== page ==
Washington, Feb.26 : Senator Barack Obama is now viewed by most Democrats as the candidate best able to beat Senator John McCain in the November general election, according to the latest New York Times/CBS News Poll. After 40 Democratic primaries and caucuses, capped by a winning streak in 11 contests over the last two weeks, the poll says Obama has made substantial gains across most major demographic groups in the Democratic Party, including men and women, liberals and moderates, higher and lower income voters, and those with and without college degrees.
But there are signs of vulnerability. While he has a strong edge among Democratic voters on his ability to unite and inspire the country, Senator Hillary Rodham Clinton of New York is still viewed by more Democrats as prepared for the job of president. And, while he has made progress among women, he still faces a striking gender gap. Obama is backed by two-thirds of the Democratic men and 45 percent of the women, who are equally divided in their support between the two candidates. White women remain a Clinton stronghold.
When all voters are asked to look ahead to the general election, McCain is more likely to be seen as prepared for the presidency, able to handle an international crisis and equipped to serve as commander in chief than either of the Democratic candidates.
The poll provides a snapshot of Obama's strength after this first, frenzied round of primaries and caucuses, which knocked seven of the nine Democratic candidates out of the race. For the first time in a Times/CBS poll, he moved ahead of Clinton nationally, with 54 percent of Democratic primary voters saying they wanted to see him nominated, while 38 percent preferred Clinton.
A USA Today/Gallup Poll released Monday showed a similar result, 51 percent for Obama to 39 percent for Clinton.
These national polls are not predictive of the Democratic candidates' standings in individual states, notably Ohio and Texas, which hold the next primaries, on March 4. Most recent polls there show a neck-and-neck race in Texas and Clinton with a lead in Ohio; her campaign advisers say that if she prevails next Tuesday, the race will begin anew.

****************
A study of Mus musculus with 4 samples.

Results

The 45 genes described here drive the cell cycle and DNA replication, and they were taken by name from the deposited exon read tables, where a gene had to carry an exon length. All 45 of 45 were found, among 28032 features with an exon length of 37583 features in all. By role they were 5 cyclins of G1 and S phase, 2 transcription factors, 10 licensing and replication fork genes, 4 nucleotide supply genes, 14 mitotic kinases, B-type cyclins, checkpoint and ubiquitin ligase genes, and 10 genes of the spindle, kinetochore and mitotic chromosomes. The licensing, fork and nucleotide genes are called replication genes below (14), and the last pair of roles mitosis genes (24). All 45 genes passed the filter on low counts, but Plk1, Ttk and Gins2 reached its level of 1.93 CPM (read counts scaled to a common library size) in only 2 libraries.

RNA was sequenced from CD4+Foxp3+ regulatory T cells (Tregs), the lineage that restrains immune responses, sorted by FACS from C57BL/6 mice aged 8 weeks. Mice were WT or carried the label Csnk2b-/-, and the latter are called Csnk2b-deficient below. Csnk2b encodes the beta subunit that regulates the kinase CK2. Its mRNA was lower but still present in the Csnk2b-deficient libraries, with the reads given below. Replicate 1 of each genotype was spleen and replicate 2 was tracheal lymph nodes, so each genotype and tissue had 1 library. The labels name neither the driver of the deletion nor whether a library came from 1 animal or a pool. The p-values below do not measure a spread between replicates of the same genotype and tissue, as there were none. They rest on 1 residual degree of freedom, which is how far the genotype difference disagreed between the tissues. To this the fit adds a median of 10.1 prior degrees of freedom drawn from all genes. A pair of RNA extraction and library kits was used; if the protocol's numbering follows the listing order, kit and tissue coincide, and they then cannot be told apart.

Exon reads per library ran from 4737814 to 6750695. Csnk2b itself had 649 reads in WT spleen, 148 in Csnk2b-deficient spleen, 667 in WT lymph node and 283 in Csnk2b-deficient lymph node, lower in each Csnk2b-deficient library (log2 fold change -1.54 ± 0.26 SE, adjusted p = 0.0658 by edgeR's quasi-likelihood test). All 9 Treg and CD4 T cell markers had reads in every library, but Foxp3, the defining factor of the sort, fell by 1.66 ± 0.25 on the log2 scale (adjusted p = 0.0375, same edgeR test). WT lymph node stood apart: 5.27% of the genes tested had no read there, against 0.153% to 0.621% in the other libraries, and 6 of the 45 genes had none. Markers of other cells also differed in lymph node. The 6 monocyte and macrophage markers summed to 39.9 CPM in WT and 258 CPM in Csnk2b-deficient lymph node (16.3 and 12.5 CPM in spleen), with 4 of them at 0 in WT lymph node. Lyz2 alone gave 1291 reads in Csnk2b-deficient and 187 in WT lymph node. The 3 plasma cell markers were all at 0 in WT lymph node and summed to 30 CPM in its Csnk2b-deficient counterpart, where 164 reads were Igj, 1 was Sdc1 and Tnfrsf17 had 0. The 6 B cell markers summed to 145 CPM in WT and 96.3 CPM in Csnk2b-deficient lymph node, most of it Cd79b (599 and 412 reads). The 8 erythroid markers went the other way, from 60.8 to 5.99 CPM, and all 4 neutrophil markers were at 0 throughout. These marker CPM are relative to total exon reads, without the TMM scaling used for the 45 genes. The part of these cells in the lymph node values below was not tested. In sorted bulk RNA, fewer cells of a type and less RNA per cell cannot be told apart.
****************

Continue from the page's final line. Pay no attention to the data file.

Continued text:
The Times/CBS poll shows that Obama's coalition - originally derided by critics as confined to upper-income reformers, young people and blacks - has broadened significantly. In December, for example, he had the support of 26 percent of the male Democratic primary voters; in the latest poll, that had climbed to 67 percent.
Obama's support among those with household incomes under 50,000 dollars rose to 48 percent from 35 percent since December. His support among moderates rose to 59 percent from 28 percent. In contrast, while Clinton's strength among Democratic men dropped to 28 percent from 42 percent in December; her support among voters in households making under 50,000 dollars held stable.
Even among women, Obama made strides. He had the support of 19 percent of white women in December and 40 percent in the most recent poll. White women, however, remain Clinton's most loyal base of support - 51 percent backed the senator from New York, statistically unchanged from the 48 percent who backed her in December.
The national telephone poll of 1,115 registered voters was conducted Feb. 20-24. It included 427 Democratic primary voters and 327 Republican primary voters. The margin of sampling error is plus or minus three percentage points for all voters, plus or minus five percentage points for Democratic voters and plus or minus five percentage points for Republican voters.